It’s just been a month or so since I landed in the US and I vividly remember the chaos that was on September 11, 2001.
I was in my Government class – a place for all seniors to hang out to discuss and debate politics. Not for me though :-(. Since I had just started learning about US government, etc., I had to concentrate more in class so I can understand and appreciate the system (and so I can get a decent grade). Usually, our teacher was there in class even before us students got there. But that day, he was no where around. I had seen him earlier that morning when I was getting my books from my locker, so I was glad that he was late to class ‘cause that gave me some time to revise for the quiz we were to be given that day. It was about 15 mins since the class started when our teacher entered the room looking totally blank.
He came in, turned on CNN and told us that the WTC was on fire. At first I thought it was just some small fire that got out of control. I (and most others, I would say) was just glad that we might escape taking the quiz. As we watched the television, we learned that it was due to a plane crash on the WTC. “Well, that’s got to be bad”, I thought. But it didn’t strike me too hard. That’s when we saw the other plane hit. “WHAT THE HELL WAS THAT?” This is when I started to comprehend the massiveness of the issue. My eyes were filled in tears – I felt bad for all those in the buildings, all the people in the plane, and all the family/friends who were suffering.
Parents started calling the school right away. Not that Al-Queada was going to attack one of the suburban high schools in upstate NY, but just that they were concerned. We stayed in our class all through that morning watching the news as the third plane hit Pentagon and the fourth plane in PA. I don’t exactly remember if we were let out of school early that day, but as I walked home I couldn’t help but hope it would be nice if this was all just a dream.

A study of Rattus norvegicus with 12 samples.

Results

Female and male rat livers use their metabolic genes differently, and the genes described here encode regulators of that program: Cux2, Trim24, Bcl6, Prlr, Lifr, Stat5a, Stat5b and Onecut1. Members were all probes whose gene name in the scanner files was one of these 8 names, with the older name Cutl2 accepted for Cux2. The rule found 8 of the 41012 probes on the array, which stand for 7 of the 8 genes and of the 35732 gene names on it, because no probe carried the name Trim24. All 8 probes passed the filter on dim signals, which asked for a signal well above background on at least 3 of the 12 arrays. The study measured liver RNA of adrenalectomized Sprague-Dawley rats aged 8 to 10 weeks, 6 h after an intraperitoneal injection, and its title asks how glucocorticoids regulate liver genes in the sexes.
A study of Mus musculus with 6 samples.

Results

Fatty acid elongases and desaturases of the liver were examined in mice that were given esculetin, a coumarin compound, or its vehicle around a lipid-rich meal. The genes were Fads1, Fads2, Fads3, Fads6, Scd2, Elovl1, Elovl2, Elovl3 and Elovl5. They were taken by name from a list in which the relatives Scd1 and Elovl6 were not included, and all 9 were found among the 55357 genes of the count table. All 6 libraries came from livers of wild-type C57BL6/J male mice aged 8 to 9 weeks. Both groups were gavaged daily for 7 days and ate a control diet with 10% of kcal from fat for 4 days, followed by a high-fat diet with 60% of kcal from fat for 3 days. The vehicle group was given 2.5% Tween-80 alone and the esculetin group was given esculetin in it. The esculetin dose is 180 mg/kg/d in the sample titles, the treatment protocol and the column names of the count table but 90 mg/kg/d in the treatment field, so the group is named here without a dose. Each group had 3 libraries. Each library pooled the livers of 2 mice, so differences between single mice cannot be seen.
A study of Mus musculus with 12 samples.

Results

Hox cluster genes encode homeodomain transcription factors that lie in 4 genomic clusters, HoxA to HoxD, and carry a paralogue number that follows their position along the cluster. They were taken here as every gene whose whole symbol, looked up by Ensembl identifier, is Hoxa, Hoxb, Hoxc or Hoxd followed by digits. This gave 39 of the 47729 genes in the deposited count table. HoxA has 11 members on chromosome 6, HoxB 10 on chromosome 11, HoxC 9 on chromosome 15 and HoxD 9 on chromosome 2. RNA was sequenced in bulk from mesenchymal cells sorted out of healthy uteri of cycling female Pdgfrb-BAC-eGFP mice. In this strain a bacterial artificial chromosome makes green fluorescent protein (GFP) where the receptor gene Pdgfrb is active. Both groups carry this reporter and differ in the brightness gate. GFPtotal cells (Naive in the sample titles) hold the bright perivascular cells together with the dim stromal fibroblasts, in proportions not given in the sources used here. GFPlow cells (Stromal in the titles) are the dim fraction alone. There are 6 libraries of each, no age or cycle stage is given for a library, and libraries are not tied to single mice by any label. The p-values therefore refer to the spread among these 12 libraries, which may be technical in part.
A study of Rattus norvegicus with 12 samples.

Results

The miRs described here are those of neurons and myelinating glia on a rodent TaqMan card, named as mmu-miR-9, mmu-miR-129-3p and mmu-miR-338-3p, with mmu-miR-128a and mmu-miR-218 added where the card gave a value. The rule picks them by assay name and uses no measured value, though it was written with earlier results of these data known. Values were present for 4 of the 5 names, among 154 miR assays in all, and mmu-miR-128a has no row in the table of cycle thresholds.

As I reached home in the afternoon, I got my eyes glued to the TV pretty much all day. I didn’t do anything else that day. It was such a gruesome scene. It was awful. I was shattered. It didn’t seem too real until they started showing how many people lost their lives. It was heartbreaking to see a person’s family/friend in tears. Anger, grief, frustration – that’s all what people felt. Now it became real. It seemed too far away, yet too close to home.
I can’t imagine what would have gone through people’s minds as they realized the fact that they were not going to make it home that night and that this was the end. I can’t imagine what would’ve gone through a wife’s head as her husband called to say “Goodbye honey. Take good care of our children.” I can’t imagine what would have gone through a teenager’s mind as (s)he watched a plane crash into the building his/her parent(s) worked. I can’t imagine how a brother/sister/parent/child/friend would have felt as they sat in those planes and said their final prayers. I can’t imagine the amount of pain and sorrow that everyone went through.
This day might become a distant memory to many of us as time goes on. But for the people who were there, for the people who lost a loved one – it will always be as painful as it was on that day. In my thoughts today are – all those who lost their life, all those who lost a loved one, all those who risked their life to save others’ and all those who survived the day!